A recent key initiative for Leah Konrady in her role with One Region has been to secure funding for the South Shore West Lake rail extension. 


Leah Konrady is the president and CEO of One Region.  

When someone asks Leah Konrady to tackle a massive project, she doesn't have to be asked twice.

The Michigan City native jumps in feet first, ready for a challenge. 

That’s according to Michael Noland, president and general manager of the South Shore Line, who, along with Konrady, has worked to build support for two of the Region’s biggest projects in years — the West Lake extension from Hammond to Dyer and the double-track modernization project from Gary to Michigan City.

“Her leadership has been incredibly important in advancing these projects,” Noland said. “She’s a leader in the community who can present a voice that humanizes what the impacts of the project will be to the commuters and the Region as a whole.”

Konrady has spent the last 15 months fitting nicely into her new role as president and CEO of One Region, a nonprofit civic organization with a mission of promoting projects and policies that attract and retain talent and increase household income in Lake, LaPorte and Porter counties.

One Region is a merged organization, borne out of the Northwest Indiana Quality of Life Council and the “One Region, One Vision” initiative started by The Times Media Co.

Expanding the South Shore Line is critical to improving quality of life and economic development in Northwest Indiana, and persuading millennials to plant roots here to live, work and play, Konrady said. 

Time right to come home

She’s the perfect example of the type of millennial she hopes to retain and/or attract to Northwest Indiana: Konrady graduated from Marquette Catholic High School in Michigan City before she left to attend the University of Denver, where she obtained a bachelor’s degree in geography and a master’s degrees of business administration.

Her career took her across the country. Before joining One Region, she worked for CH2M in Fresno, California, with a focus in governmental affairs and community outreach for water infrastructure. While living in Washington, D.C., she worked as a legislative assistant for U.S. Rep. Pete Visclosky’s office and also at the Northeast-Midwest Institute. There, she was director of the Great Lakes Washington Program.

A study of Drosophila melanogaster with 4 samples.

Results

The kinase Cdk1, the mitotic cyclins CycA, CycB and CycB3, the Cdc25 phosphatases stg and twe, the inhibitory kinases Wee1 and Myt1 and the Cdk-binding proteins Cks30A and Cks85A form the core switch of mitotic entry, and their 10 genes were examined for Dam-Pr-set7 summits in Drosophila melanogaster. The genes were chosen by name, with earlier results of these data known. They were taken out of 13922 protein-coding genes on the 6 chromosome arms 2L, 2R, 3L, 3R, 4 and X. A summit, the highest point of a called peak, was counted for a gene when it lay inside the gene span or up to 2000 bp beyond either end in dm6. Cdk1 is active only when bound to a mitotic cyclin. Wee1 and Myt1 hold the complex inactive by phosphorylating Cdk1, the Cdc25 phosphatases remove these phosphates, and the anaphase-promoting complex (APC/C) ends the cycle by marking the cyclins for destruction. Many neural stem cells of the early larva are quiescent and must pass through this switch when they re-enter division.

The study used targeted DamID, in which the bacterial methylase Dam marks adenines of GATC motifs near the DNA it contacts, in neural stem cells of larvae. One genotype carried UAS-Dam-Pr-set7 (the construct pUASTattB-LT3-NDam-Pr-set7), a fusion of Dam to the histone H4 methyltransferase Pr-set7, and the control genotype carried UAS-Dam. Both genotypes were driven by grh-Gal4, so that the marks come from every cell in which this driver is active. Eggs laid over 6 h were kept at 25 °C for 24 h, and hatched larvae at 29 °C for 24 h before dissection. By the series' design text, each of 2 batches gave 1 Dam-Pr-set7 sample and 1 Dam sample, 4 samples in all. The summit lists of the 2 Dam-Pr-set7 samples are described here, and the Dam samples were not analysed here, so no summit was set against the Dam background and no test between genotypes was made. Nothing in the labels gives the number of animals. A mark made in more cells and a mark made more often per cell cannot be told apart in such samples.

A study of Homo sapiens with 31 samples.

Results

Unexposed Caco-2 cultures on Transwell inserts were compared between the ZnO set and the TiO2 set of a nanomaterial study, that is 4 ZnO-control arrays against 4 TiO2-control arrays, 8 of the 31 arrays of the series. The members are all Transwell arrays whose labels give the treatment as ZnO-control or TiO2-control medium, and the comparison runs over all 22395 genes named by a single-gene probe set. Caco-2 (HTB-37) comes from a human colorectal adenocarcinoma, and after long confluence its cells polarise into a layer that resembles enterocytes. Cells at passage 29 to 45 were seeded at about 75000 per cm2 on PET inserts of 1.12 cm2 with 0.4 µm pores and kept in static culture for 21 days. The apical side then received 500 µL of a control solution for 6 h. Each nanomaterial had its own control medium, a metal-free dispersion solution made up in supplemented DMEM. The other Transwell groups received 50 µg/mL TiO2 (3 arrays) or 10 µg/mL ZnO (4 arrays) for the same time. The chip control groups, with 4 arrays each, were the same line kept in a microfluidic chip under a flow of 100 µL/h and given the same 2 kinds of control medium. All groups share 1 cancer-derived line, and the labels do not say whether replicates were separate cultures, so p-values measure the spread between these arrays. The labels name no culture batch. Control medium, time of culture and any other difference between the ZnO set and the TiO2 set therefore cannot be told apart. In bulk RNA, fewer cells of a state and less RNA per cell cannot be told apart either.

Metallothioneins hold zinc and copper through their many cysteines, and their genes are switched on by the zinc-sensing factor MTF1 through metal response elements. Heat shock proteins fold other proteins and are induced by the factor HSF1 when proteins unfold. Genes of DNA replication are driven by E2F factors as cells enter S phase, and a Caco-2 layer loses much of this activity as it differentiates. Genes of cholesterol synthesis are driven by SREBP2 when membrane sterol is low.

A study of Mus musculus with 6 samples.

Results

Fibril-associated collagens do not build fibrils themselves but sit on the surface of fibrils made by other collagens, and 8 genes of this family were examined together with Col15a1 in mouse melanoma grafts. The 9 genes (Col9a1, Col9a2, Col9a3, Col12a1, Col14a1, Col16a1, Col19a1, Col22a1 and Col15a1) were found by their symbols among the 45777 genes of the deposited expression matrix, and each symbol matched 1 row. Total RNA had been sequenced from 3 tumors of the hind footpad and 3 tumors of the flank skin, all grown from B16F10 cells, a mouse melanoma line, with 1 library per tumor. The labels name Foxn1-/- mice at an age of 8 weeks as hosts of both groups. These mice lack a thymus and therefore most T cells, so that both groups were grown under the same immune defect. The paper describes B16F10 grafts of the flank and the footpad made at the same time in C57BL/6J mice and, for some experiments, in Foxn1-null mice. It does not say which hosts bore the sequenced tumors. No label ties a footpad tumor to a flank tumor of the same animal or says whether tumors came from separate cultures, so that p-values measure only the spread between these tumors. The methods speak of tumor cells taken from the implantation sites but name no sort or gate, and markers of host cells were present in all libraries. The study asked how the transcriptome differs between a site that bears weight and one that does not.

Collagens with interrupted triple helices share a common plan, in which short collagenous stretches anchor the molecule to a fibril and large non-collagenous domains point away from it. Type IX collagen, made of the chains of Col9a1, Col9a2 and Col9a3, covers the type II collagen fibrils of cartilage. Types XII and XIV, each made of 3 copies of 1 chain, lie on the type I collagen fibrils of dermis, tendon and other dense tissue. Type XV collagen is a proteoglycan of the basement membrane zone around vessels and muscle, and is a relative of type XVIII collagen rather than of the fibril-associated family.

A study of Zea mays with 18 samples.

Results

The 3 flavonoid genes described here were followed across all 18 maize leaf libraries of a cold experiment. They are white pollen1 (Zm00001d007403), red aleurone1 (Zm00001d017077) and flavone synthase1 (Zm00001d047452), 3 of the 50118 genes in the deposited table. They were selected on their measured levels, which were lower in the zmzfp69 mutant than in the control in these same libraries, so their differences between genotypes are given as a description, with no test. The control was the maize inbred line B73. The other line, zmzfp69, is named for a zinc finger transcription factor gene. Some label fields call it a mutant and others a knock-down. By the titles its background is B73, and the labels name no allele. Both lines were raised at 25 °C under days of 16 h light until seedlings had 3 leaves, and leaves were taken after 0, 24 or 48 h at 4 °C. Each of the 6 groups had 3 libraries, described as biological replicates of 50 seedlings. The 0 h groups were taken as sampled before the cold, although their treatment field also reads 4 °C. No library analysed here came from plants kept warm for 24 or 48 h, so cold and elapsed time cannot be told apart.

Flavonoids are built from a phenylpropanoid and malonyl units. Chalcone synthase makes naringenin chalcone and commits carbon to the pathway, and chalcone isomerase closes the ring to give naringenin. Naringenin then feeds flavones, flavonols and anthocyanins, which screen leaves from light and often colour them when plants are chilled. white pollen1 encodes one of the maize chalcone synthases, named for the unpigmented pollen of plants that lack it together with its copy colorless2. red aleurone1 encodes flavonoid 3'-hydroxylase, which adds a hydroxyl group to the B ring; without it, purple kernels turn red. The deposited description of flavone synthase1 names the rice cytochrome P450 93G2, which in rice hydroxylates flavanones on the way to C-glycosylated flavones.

In the end, however, she was homesick for the Region. 

"I felt homesick," Konrady said. "I love Lake Michigan in the summer. We have great hiking trails. Our outdoor rec is often overlooked, from Chicago to southwest Michigan. The breweries, the wineries, all overlooked."


Public input is critical for such a massive project, she said. 

"Millennials and homeowners, they’re looking for easy transit into Chicago. We need to strengthen ours,” she said. 

Leveraging the plusses

Northwest Indiana is not without its challenges, but the area should leverage its proximity to Chicago, she said. The One Region organization’s chief initiative recently has been to secure funding for the South Shore West Lake rail extension.

“We should be marketing our Region as ‘The best way to live in Chicago just so happens to be in Indiana,’ ” Konrady said.

Northwest Indiana Regional Development Authority CEO Bill Hanna said Konrady is playing a key role in helping people understand the benefits of the South Shore extension project.

Hanna said Konrady "absolutely" deserves a spot on this year's "20 under 40" list. 

“I think this list is not just celebrating successes. It’s celebrating who people are, and the people we want to see further invested in. It represents values we want to replicate,” Hanna said. “These individuals tend to have all these things in common. When you say their name, you identify with movements outside of themselves, movements larger than themselves. It’s an important quality to have.”

Konrady said she also helps out with the Michigan City-based Lakefront Career Network, a group committed to engaging career-minded young professionals in the area. Each year, the group also raises funds for various nonprofits in the area. 

The Times Media Co. Publisher Chris White, who is on the One Region's board of directors, called Konrady an "absolute star."

"She has an inclusive vision. She's always working, always focusing, always looking at ways to make her ideas better," White said. "She's excited to get more of her peers engaged."


Lauren covers North Lake County government, breaking news, crime and environmental issues for The Times. She previously worked at The Herald-News in Joliet. She holds a master’s degree in Public Affairs Reporting.